79 / 58
      81 / 62
      81 / 66

      Beating colon cancer - with prevention

      March is Colon Cancer awareness month. GDC Host Tyler Ryan will undergo exam and share results live

      COLUMBIA (WACH) ?? According to website Cancer.org, 2014 will see over 130,000 new cases of colon and rectal cancer. Even more alarming is the estimate that over 50,000 people will lose the fight before the end of the year. The death rate of colon cancer is the most common cause of cancer death in non-smoking Americans. These statistics signal the alarm to be aware, and get checked, as early detection can nearly prevent it.

      March is Colon Cancer Awareness Month, and with that, the message of prevention, awareness, and examinations are in the forefront. According to the website, Americans have a one in twenty chance of developing colon or rectal cancer. Colon Cancer, unlike some other forms of cancer are not exacerbated by certain behaviors, but risk factors do include age, hereditary and history. According to Dr. Tray Dunaway from South Carolina Medical Endoscopy, race also plays a factor. Dr. Dunaway said that although the critical age for exams is 50, African American??s risk starts at 45, and the mortality rate is also higher for that segment. The doctor points out that there are no known reasons for the discrepancy.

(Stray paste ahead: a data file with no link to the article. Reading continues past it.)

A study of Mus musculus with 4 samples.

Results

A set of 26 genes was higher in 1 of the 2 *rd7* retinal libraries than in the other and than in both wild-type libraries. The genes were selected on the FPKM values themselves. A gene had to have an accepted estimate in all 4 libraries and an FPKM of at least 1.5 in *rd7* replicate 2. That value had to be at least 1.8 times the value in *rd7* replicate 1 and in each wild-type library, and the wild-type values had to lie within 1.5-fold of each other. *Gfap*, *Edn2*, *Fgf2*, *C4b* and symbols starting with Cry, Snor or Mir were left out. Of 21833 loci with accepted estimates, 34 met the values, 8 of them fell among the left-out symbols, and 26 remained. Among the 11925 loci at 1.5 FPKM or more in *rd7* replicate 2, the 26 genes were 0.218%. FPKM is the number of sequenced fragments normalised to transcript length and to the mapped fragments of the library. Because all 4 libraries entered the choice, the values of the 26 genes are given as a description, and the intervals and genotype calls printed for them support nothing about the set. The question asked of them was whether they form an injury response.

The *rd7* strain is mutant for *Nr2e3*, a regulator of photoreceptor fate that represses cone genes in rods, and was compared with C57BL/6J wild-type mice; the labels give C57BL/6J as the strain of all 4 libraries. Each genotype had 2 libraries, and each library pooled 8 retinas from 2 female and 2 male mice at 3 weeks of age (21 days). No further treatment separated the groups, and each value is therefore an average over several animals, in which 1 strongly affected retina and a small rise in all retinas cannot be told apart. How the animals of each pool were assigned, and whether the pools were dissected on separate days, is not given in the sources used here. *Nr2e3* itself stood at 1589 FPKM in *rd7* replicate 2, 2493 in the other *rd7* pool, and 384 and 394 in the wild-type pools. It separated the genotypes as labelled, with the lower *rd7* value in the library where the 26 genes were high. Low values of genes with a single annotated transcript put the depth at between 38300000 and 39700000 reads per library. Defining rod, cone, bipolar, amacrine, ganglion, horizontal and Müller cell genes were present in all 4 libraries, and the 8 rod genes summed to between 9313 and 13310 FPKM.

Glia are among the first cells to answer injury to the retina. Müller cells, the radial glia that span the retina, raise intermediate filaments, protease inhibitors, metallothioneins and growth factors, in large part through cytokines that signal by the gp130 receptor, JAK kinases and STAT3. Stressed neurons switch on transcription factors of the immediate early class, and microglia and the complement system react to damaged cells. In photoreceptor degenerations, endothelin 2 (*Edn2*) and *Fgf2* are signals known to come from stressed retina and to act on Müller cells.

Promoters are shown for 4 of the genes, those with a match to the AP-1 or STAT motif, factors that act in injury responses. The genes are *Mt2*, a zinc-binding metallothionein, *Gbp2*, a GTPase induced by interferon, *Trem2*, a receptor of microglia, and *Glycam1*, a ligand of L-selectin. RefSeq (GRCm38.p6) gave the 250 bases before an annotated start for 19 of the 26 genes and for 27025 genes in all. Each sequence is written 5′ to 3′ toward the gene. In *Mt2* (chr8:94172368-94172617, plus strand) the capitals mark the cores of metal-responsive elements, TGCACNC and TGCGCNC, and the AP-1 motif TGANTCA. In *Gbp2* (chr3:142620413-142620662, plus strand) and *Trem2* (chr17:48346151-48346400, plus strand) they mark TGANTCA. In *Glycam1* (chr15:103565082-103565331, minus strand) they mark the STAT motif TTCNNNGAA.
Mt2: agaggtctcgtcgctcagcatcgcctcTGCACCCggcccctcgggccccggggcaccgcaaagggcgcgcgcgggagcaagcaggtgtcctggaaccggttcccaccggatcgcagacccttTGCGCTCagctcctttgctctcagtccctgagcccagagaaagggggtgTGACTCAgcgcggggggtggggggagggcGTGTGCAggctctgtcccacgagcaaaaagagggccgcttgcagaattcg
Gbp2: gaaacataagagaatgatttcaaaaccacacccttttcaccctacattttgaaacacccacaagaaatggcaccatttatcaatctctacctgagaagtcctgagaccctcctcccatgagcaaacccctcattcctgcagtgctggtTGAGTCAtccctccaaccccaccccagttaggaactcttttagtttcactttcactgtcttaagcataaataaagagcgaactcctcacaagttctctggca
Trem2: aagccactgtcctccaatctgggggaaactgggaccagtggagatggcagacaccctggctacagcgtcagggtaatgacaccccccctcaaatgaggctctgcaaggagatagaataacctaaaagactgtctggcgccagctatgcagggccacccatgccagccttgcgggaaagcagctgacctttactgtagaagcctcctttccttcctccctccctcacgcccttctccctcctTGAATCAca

Although behaviors specific behaviors seldom change the likelihood of being diagnosed, website Cancer.gov indicates several symptoms to be mindful of, including:

      Blood in stool


      Feeling tired

      Frequent vomiting

      Change in bathroom habits

      As you approach the critical age, Dr. Dunaway stresses the importance of exams as a measure to overcome the odds of becoming one of the 50,000 who do not survive the diagnosis. For most people, the thought of a colonoscopy is not a pleasant one, including two days of preparation, and of course, the exam itself.

      90 minutes, according to Dr. Dunaway, is the length of the exam, from pre-op to recovery. During the first 25 minutes, paperwork is completed, and initial prep is done. By the 30 minute mark, the patient is in the exam room, where Propofol anesthesia administered. For the next 30 minutes, the procedure takes place, where the entire rectum and colon are examined. Any polyps that are discovered are removed, and sent off for biopsy.

      Once off the propofol, consciousness is regained within 10-15 minutes.

      In an effort to show how easy and important an exam is, I am undergoing the procedure, and will share the results live on Good Day Columbia Tuesday Morning.